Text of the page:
Description A rather unusual Vi
59.8 cm from pommel to tip
50 cm from base to tip
Base 3 mm
Middle 3 mm
At split 3 mm
At tips 2.5 mm
Base 40.5 mm
Middle 40 mm
At split 42.5 mm
Each tip 17 mm
12 cm from hilt
Iron, steel, pitch
Probably 19th century
European antique market
Anything similar for sale?
I like unusual items, and they rarely come as unusual as this.
The sword features a strongly S-shaped blade with a bifurcated tip. Each tip ends in an upward swept, fang-like double-edged point. The blade's cross-section is mostly flat, with a notched spine. The edge starts a little portion up the blade, in typical Indian style, but has the strange feature of a notch with a protrusion in its center. This notch is clearly modeled after the kauro seen on the Nepalese khukurī.
This sword (top) compared to an early 19th century khukurī (bottom).
Material & treatment
The blade, surprisingly, appears to be made of a low contrast Indian wootz steel. It has also been heat treated, with a clear oblique demarcation between the quenched part and the base of the blade. It was not in a very high polish when I got it, so like many Indian arms probably wasn't created to show off the wootz, so I kept it like I got it.
Left: quenching line.
Right: a wootz pattern barely visible in its current state.
The blade's construction is clearly a reference to Ḏū-l-Fiqār (ذو الفقار), often spelled zulfiqar, the legendary sword of Ali, cousin and son-in-law of Muhammad. In the world of arms and armor it is mostly famous for the phrase from the 10th century Persian classic Tarikh al-Tabari (تاريخ الطبري) or "History of the Prophets and Kings":
La Fata illa Ali la saif illa Zulfiqar
(لا فتى إلى علي لا سيف إلى ذلفيقر)
"No warrior but Ali, no sword but Zulfiqar"
This sentence prides on a lot of old swords, as a talisman that imbued some of Ali's strength into the wielder.
The text gives no description of the sword's shape, but it can be interpreted as "being bifurcated", "having a spine", or "being notched". This gave rise to a large number of interpretations of the sword, many with a bifurcated tip, some notched, and some combining both elements in their design.1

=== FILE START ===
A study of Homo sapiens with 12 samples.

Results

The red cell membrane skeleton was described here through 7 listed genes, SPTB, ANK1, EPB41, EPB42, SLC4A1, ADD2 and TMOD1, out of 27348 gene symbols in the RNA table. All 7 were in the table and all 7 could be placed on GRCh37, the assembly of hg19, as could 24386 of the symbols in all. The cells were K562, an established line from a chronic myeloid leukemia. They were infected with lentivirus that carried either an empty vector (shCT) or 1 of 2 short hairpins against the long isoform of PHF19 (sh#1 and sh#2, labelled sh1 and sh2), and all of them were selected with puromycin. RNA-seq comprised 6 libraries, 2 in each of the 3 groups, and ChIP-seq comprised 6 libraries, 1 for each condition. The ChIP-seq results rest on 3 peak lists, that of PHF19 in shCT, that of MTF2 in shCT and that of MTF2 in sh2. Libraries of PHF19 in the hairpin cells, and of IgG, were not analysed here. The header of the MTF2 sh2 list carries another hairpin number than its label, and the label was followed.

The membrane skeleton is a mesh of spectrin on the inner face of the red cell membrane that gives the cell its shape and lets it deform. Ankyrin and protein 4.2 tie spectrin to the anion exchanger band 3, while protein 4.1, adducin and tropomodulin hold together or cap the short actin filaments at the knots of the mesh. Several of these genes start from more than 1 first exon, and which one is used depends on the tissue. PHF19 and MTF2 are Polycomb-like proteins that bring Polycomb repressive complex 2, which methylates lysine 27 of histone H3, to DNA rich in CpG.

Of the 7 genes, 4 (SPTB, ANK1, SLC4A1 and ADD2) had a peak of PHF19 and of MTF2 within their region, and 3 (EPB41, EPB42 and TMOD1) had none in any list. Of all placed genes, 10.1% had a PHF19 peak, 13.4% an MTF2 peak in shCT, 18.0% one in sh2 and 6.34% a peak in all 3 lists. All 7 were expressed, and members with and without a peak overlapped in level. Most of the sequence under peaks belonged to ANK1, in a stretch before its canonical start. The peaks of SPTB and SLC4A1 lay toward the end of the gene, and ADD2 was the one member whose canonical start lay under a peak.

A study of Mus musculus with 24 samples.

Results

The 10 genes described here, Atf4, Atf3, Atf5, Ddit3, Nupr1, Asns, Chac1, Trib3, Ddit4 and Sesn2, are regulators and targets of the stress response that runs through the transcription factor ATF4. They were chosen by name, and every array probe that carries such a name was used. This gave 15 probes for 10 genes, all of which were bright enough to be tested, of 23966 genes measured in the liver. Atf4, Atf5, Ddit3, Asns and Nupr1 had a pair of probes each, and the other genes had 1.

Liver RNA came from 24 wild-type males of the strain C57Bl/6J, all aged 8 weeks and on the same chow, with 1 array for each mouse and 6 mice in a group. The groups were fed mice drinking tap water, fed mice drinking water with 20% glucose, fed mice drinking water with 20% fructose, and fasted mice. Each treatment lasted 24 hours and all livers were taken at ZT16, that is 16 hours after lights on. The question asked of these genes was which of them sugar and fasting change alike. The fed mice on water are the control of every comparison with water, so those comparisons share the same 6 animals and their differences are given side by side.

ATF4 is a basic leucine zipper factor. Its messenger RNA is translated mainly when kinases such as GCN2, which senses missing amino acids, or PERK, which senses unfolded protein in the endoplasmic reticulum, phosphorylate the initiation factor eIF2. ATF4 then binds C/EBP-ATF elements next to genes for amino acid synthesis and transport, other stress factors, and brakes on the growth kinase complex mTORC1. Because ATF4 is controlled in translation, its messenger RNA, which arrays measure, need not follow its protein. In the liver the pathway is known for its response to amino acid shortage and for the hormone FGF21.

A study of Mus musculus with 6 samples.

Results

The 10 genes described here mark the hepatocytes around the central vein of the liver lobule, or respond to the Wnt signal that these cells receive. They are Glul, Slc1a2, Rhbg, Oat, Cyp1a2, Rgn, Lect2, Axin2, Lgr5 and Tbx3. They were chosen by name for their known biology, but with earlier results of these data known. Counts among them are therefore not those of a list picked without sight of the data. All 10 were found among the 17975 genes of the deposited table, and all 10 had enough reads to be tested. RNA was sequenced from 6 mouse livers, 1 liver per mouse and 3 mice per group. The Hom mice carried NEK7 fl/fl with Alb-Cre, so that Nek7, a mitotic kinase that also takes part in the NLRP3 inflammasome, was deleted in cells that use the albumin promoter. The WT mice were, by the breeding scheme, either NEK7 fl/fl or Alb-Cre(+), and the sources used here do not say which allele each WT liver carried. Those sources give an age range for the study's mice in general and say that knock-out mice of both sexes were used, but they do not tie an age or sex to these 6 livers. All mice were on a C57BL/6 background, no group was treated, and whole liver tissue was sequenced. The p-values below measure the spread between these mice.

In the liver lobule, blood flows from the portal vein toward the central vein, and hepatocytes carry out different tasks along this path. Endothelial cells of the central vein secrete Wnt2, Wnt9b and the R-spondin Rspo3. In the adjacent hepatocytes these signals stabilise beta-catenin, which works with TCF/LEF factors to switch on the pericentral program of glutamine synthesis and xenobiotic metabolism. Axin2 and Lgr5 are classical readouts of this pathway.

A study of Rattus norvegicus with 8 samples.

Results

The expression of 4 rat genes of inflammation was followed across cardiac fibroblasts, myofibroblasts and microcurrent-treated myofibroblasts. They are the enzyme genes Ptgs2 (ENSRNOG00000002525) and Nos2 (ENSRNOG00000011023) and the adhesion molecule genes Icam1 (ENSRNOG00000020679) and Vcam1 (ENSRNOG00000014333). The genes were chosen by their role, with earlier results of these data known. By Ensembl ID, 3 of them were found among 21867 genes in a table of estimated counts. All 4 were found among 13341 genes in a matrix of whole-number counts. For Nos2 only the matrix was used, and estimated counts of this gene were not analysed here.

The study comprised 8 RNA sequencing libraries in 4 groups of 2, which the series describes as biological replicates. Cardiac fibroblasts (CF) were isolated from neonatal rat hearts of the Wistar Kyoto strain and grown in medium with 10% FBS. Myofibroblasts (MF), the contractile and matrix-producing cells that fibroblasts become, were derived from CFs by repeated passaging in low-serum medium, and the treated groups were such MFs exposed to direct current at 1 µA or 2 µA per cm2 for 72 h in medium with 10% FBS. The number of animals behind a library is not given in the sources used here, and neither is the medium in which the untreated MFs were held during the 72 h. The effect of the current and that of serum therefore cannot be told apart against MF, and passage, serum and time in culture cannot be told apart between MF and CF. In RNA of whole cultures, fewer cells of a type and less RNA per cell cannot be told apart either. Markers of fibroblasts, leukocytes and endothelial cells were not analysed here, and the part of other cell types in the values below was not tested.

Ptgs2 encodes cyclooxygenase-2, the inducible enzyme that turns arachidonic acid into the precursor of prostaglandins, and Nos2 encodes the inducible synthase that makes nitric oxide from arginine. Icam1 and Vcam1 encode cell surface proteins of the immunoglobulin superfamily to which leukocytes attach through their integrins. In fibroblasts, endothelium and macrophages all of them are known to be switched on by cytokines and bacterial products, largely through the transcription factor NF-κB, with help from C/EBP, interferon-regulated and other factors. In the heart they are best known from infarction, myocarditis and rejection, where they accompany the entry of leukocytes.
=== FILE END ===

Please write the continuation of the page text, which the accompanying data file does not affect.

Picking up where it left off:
It is interesting that the notch is a clear nod towards Nepalese (Hindu) warrior culture, on a blade otherwise shaped like an islamic talisman.
The blade is mounted in an old iron talwar hilt. The type of pitch used to join the two, as well as the corresponding patina under the langets suggest both have been together for a long time, although the hilt gives the impression of having been older than the blade.2 Older hilts married to later blades was common practice in north India, various examples with dates blades and hilts exist in for example Rajput armories.
The hilt is of north Indian Hakim khāni form, decorated with a diaper pattern over a raised and dotted background. A notch in one of the quillons, and one at the disc pommel suggest it once had a hand guard, now lost.
I have found only one comparable so far, it was sold by Micheal Backman of London. The blade is nearly identical to this one, while the hilt is a different style of norther Indian talwar hilt. On both hilts the quillons incline slightly forward, a feature I have come to associate with the Punjab and to lesser extent also with Delhi.3 The Decor on the Backman example is similar to two examples in the Jodhpur armory, one of which was attributed to Punjabi by Elgood.4
The blade on the Backman example bears a stamp with a logo, some incomprehensible text and the numbers 17 09. If any of the readers has any idea what the stamp may signify, I'd be happy to hear from you!
An interesting and unusual sword. The shape seems to render it unpractical for fighting, yet the blade is of quality material (wootz) and tempered to hardness. There is only one close comparable, which is also mounted in a talwar hilt. Judging from its various stylistic features, it's probably made in the northwestern part of India.
1. For more information, see my glossary article: zulfiqar.
2. See Robert Elgood; Rajput Arms & Armour, Mehrangarh Museum Trust in association with Niyogi Books, New Delhi, 2017.
3. See for an example attributed to Kotri: Hendley; Damascening on steel or iron as practiced in India. W. Griggs & Sons, Ltd. London 1892.
4. See Robert Elgood; Rajput Arms & Armour, Mehrangarh Museum Trust in association with Niyogi Books, New Delhi, 2017. Pages 205, 340 and 341.